Sarah Cloyce


The daughter of William Towne and his wife, née Joanna Blessing, she was the sister of Rebecca Nurse and Mary Easty who were executed as witches at Salem in 1692.

Her first husband was Edmund Bridges, Jr. of Topsfield and Salem, who she married in 1659/60. They had at least five children; he died in 1682.[1] Her second husband was Peter Cloyce; he was the father of six when they married, and they had three additional children together.

She was accused of witchcraft the day after she had defended her sister Rebecca against the same charge. A few days later she was named in warrants and arrested, and was transferred to Boston prison. She petitioned the court for an opportunity to present evidence which supported her innocence, and to exclude spectral evidence (which is testimony that the spirit of someone did something). Charges against her were dismissed on 3 January 1693. Her husband paid the fees demanded by the prison and she was released.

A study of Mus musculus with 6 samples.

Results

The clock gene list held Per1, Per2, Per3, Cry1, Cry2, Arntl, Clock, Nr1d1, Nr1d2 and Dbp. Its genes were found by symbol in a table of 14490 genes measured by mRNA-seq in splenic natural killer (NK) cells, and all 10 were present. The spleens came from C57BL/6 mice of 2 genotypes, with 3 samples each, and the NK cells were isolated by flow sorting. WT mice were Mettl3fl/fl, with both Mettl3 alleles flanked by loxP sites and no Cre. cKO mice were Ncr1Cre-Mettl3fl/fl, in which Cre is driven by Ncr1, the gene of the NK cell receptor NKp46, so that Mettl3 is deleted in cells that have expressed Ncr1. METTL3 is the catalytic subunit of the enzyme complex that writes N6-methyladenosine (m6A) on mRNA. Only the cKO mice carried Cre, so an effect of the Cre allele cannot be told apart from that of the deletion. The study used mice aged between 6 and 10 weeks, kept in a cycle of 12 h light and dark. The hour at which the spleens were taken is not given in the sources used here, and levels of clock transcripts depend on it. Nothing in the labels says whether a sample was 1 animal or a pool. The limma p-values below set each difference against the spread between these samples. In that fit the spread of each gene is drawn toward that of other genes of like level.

Subsequently, she and her husband relocated, first to Marlborough, and later to Sudbury.

In fiction[edit]

In the short story entitled Young Goodman Brown by Nathaniel Hawthorne which is a social criticism of Puritan culture, a character named Goody Cloyse addresses the devil, confessing to practicing witchcraft. It is a shock to the protagonist as she taught him his catechism in youth. She makes a reference to "...that unhanged witch, Goody Cory...".[2]


  1. ^ Clara Barton was a descendant of this first marriage.
  2. ^ Hawthorne 3, a very possible reference to Martha Corey

Further reading[edit]

Upham, Charles (1980). Salem Witchcraft. New York: Frederick Ungar Publishing Co., 2 vv, v. 2 pp. 60, 94, 101, 111, 326.